Wilson Electronics Sleek




8.0

Wilson Electronics Sleek

The Good

The Wilson Sleek noticeably improves your cell phone signal in areas with poor reception. Also, it has a compact, user-friendly design.

The Bad

The Wilson Sleek doesn't securely accommodate the smallest cell phones and it won't support Nextel or overseas GSM networks.

The Bottom Line

The Wilson Sleek is easy to use and performs well. Just make sure that it supports your phone.

Luckily, Wilson continues to evolve. Three months ago at CES, the company showed its new Sleek Cell Phone Signal Booster that offers a compact design for in-car use. It consists only of a small amplifier/cradle, a power adapter for your car's cigarette lighter, and the requisite antenna. You still have to thread the antenna cable through your car window, but it's an easy-to-use design arrangement that won't take up much space. The Sleek is $129.

The Sleek's primary part is the phone cradle that's also the actual signal amplifier. Though mostly plastic, the surfaces that touch your handset are covered in a soft touch material so there's no need to worry about scratching your precious device. On the whole, the cradle has a sturdy feel and its basic black color shouldn't clash with your car's interior. It measures 4.25 inches long by 2.5 inches wide by 2.25 inches deep and weighs 2.5 ounces.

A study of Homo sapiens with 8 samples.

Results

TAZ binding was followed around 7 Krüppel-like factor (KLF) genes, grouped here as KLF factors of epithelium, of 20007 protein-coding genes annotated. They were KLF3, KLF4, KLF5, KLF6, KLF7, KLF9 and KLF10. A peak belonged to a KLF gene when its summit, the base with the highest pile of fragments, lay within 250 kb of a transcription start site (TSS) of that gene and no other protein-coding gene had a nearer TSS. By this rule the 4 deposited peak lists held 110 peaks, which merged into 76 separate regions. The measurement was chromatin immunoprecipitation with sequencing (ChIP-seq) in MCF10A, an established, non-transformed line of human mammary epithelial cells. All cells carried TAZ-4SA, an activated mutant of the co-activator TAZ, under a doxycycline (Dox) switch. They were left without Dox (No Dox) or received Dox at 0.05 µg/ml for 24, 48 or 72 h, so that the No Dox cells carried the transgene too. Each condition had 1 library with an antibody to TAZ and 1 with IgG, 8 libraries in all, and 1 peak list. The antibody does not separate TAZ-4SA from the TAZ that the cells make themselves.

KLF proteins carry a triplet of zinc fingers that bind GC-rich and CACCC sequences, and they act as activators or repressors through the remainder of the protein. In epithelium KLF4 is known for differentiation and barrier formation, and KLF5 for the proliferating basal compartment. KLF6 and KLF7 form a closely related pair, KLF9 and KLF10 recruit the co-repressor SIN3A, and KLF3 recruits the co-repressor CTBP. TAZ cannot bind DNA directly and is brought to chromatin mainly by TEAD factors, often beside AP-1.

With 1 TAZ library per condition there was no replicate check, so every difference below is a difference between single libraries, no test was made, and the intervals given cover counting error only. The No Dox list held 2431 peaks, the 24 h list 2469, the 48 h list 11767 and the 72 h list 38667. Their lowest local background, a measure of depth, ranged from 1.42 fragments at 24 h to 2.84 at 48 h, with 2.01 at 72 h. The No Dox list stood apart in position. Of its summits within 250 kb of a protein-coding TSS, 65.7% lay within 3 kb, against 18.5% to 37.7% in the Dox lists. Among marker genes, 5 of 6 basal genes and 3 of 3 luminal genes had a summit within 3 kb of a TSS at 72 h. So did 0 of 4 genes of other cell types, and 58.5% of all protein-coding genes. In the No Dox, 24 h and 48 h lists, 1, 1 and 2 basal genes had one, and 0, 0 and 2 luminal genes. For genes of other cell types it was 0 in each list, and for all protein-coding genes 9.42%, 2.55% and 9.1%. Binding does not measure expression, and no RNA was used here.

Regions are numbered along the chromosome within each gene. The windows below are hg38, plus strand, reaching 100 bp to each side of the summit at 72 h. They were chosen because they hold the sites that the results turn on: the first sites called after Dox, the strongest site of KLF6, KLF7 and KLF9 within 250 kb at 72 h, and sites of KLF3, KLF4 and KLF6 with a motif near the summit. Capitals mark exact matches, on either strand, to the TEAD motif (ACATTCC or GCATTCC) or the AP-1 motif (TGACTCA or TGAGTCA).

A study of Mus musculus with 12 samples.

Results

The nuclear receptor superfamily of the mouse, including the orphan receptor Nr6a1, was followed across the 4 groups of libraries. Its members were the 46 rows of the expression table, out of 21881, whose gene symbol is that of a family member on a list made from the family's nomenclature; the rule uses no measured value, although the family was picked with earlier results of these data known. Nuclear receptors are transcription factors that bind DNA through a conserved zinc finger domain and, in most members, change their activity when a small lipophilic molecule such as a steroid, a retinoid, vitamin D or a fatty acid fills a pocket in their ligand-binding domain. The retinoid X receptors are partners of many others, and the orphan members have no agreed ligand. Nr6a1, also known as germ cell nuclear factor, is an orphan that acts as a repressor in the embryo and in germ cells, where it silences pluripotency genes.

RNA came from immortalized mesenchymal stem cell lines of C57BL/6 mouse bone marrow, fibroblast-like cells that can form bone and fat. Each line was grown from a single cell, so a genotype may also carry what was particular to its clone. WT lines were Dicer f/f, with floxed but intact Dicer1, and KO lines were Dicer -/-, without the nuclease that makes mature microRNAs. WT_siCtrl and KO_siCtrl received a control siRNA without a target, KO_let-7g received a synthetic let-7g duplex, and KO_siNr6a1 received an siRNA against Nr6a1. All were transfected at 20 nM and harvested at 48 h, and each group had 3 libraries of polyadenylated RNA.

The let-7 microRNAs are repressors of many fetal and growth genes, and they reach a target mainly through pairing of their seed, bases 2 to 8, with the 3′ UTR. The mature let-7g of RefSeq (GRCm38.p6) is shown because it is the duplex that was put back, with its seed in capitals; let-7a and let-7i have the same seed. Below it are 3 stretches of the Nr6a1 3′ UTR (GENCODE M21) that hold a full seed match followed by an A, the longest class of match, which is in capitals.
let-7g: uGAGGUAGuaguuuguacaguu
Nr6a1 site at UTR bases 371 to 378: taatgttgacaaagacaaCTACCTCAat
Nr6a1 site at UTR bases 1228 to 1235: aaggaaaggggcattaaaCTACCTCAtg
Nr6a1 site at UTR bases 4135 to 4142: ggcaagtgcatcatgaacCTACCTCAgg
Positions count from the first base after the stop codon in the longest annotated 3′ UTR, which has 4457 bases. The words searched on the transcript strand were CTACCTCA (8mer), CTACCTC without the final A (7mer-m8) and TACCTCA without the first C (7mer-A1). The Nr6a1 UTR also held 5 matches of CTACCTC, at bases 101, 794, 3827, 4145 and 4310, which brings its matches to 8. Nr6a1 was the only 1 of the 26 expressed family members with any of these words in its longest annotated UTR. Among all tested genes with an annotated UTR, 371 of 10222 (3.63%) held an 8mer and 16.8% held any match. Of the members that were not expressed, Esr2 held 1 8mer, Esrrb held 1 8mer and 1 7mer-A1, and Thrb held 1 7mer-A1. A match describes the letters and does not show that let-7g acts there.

You can adjust the securing arms depending on your phone's size. Though it accommodates wider handsets like the iPhone with no trouble, smaller devices like the Nokia 2680 can slip right through the cradle's clutches if you're not careful. For the second-gen product, we'd advise Wilson to give more freedom to adjust the arms inward.

Setup for the Sleek is painless. After securing the cradle to your dashboard (Wilson gives you the tools), you'll need to connect the antenna and power adapter. The antenna cable runs a healthy 12 feet, so you should have enough slack to run it out the window frame and secure the antenna to your car's roof via the magnetic base (clearly, convertibles with fabric roofs won't be so lucky). Running a cable around your car is a little clunky, but you should get used to it.

The cigarette lighter adapter provides the amplifier with the needed power. Wilson includes a 3-foot power cord in the box, but you can use your own USB/Mini-USB cable if you'd like. That's a nice design touch. We also like that the amplifier can charge your phone at the same time. You'll need to purchase optional adapter cables, but it's a convenient feature.

We tested the Mobile Professional while driving in our usual areas in San Francisco that have consistently poor reception. We noticed the biggest change when using AT&T and Sprint phones, though a T-Mobile device showed improvement as well. In most cases we had a stronger signal with fewer fade-outs and dropped calls. Problem areas weren't eliminated completely, but our conversations sounded better and we didn't encounter any interference.

It's important to note that individual results will vary; you shouldn't expect the Sleek to magically cure all your reception woes. Also, keep in mind that the Sleek needs at least a minimal signal to do its job. If we had no reception at all, we didn't see any difference in performance.

The Wilson Electronics Sleek supports CDMA and GSM in the 800 and 1900 bands. It won't support overseas GSM bands and Nextel's iDEN network, but those users can take advantage of other Wilson products.